If you have tried isolating the bed as per this FAQ, and you have a good mattress cover , you should be aware that bed bugs will still come looking for you. Most commonly, they will come and find you by daylight. They can bite you as you sit in a chair, awake. They can crawl up your leg without being detected. So make sure that besides isolating the bed, you are getting serious advice and assistance and treatment from professional pest control operators: keep aggressively fighting the bed bug war on multiple fronts, and make your bed a safe space as much as possible.
(I say this because I’ve come across some amateur bed bug advice recommending isolating the bed alone as a fine strategy for driving bed bugs away from your home; my own amateur advice is there’s no evidence whatsoever to prove that will work, and plenty that it will give your problem time to multiply. But we’ve covered that before well enough.)
When you’re bitten after isolating the bed, it’s probably because they’re biting during the day. Remember that when you feel a bite for the first time can be hours away from when the bite occurred. (Some of us have noticed the itching of a new bite beginning after a warm or hot shower, whether the shower was an hour or nine hours later, but I don’t doubt people have very different experiences of when bites are noticed, as they do of bite appearance and level of discomfort.) First noticing a bite in the morning doesn’t necessarily mean it happened while you were asleep, due to this potential time delay.
Although you will probably be bitten in the daytime and newly secure at night, there are some reasons your bed may not be secure even after you attempt to isolate it.
It’s possible to be bitten after isolating your bed because your mattress cover really isn’t secure. If you do have bed bugs in that mattress, and use a cheap vinyl cover, or even multiple cheap covers or nicer covers that happen to tear, you could simply have a bed that is not isolated any more. Don’t ignore this possibility. You need a good encasement, but no mattress cover is completely secure– they must be used with care. You have to be careful not to rip them. A cat’s claws might tear anything. Be aware and keep checking for damage.
Also, your pillows and comforter must be sealed in the same way the mattress is (with additional washable covers on top). Your pillow and comforter are as likely to contain bed bugs as your mattress was, and they can be harder to detect. Washing on hot and drying on hot for a really long time (the jury is out on exactly how long but people often aim for 90 minutes or 2 hours on hot, which is a long time indeed), or dry cleaning, may or may not always kill bed bugs. We’re traditionally told they will, but a reader recently shared the story of a dry cleaned comforter harboring bed bugs in a bag for 6 months and then reinfesting her. If that doesn’t make you want to be super cautious, nothing will!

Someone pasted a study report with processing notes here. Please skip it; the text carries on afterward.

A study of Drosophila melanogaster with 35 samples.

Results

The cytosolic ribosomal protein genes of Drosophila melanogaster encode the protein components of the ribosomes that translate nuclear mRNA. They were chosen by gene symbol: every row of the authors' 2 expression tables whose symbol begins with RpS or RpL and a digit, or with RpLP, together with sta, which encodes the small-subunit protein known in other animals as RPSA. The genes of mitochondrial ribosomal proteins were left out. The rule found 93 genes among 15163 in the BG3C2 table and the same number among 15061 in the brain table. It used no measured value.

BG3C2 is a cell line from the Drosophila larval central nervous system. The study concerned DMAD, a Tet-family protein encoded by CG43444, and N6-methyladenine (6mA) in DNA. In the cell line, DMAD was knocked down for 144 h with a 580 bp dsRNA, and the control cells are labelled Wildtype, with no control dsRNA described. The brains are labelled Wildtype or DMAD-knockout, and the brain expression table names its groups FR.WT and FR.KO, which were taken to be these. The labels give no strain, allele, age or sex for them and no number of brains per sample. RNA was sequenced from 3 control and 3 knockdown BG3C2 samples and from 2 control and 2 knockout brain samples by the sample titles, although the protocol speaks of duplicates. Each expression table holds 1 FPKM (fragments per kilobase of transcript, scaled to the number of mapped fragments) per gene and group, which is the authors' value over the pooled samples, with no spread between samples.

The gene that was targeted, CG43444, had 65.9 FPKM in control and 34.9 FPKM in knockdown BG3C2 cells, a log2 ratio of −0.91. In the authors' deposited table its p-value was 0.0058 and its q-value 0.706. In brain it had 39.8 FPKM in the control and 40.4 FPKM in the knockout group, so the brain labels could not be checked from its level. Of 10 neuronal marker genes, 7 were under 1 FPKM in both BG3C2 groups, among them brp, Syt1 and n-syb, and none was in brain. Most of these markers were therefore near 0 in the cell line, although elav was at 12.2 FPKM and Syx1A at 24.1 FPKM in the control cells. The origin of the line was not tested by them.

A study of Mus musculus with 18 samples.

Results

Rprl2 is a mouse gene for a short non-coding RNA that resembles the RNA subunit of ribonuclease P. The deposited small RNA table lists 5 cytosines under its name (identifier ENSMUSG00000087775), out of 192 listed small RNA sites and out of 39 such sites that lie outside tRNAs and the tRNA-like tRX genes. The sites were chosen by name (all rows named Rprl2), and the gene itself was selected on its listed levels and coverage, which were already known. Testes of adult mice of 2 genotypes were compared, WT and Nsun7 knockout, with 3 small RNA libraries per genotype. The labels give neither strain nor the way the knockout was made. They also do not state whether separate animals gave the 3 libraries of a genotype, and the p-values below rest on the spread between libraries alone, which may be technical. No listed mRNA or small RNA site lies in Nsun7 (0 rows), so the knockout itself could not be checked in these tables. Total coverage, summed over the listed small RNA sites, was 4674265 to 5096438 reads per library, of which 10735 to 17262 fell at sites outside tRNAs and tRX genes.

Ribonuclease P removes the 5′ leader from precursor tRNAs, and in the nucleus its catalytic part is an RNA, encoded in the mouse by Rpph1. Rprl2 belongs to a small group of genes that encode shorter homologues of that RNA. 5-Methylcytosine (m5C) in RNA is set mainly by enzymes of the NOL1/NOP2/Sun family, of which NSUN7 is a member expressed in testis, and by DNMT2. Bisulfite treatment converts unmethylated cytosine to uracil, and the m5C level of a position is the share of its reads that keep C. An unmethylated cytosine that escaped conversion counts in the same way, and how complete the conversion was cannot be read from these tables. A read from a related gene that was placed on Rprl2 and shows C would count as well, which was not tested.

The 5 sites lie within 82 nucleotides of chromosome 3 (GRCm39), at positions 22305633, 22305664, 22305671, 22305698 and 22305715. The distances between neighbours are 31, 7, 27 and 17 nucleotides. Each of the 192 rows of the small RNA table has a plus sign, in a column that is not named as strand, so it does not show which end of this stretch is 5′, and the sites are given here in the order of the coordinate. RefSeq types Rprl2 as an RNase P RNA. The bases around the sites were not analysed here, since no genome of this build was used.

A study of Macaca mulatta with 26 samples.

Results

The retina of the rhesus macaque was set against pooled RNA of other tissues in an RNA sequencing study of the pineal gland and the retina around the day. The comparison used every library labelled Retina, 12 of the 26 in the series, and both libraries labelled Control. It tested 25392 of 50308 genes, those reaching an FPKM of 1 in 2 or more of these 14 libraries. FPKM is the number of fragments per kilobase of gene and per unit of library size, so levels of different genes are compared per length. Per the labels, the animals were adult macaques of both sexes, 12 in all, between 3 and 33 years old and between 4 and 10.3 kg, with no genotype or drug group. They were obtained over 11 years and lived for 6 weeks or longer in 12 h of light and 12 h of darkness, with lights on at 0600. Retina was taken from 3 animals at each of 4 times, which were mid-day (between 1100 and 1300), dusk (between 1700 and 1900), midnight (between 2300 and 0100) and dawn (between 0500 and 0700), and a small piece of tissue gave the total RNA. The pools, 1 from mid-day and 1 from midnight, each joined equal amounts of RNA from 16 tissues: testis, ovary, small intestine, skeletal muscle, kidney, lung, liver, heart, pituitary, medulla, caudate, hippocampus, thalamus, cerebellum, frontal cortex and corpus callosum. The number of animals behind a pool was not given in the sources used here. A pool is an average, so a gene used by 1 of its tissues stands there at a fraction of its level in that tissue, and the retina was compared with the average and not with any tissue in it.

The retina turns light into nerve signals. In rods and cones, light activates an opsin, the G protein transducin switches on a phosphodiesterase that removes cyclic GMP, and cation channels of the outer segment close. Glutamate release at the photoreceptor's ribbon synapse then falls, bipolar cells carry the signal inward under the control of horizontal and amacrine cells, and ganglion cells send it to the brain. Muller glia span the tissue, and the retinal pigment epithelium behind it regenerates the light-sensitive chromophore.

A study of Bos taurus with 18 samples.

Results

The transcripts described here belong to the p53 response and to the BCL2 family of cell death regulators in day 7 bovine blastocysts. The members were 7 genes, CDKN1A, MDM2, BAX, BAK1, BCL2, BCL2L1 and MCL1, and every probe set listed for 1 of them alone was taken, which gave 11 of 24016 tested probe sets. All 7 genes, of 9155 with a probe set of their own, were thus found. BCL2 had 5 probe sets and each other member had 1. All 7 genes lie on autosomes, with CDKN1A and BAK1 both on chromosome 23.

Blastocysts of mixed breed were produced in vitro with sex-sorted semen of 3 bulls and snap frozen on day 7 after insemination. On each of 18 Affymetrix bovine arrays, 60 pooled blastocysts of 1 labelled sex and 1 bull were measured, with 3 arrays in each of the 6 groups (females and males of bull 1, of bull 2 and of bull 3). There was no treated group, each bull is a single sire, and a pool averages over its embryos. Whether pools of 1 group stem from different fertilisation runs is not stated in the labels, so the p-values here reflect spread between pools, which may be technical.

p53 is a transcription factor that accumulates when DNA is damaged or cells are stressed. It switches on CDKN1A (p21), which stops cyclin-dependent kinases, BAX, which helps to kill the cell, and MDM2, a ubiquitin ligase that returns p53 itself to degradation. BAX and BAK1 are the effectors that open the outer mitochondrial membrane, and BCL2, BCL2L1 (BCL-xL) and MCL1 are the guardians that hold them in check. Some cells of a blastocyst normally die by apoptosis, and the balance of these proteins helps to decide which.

A third thing to be aware of is that if you have isolated the bed, some have claimed that bed bugs begin approaching the bed from other angles, namely running up the wall, across the ceiling, and dropping down on you as you sleep. This is definitely not something that happens to everyone, and I think it’s most likely in cases of severe infestation. But if your bed is isolated, and you’re sure they’re still biting you at night (and one way to be really sure would be if you saw them biting you then), or you see them on the ceiling or crawling towards it, then this may possibly be the case.
Someone on the Bedbugger Yahoo Group — I’m not sure who — cleverly started calling this the “Airborne Division.”
Frank, a Yahoo-Bedbugger who runs The War on Bedbugs blog, has a great page detailing how to stop the Airborne Division from completing their mission. And no, I am not anthropomorphising those bed bugs; they don’t have “ideas” and aren’t “being creative,” when they find you. They just have a really strong need to drink blood or die. Anyway, Frank invited me to repost this information here, but it’s so detailed (with wonderful graphics and everything) and the blog is worth a visit, so I am sending you there instead.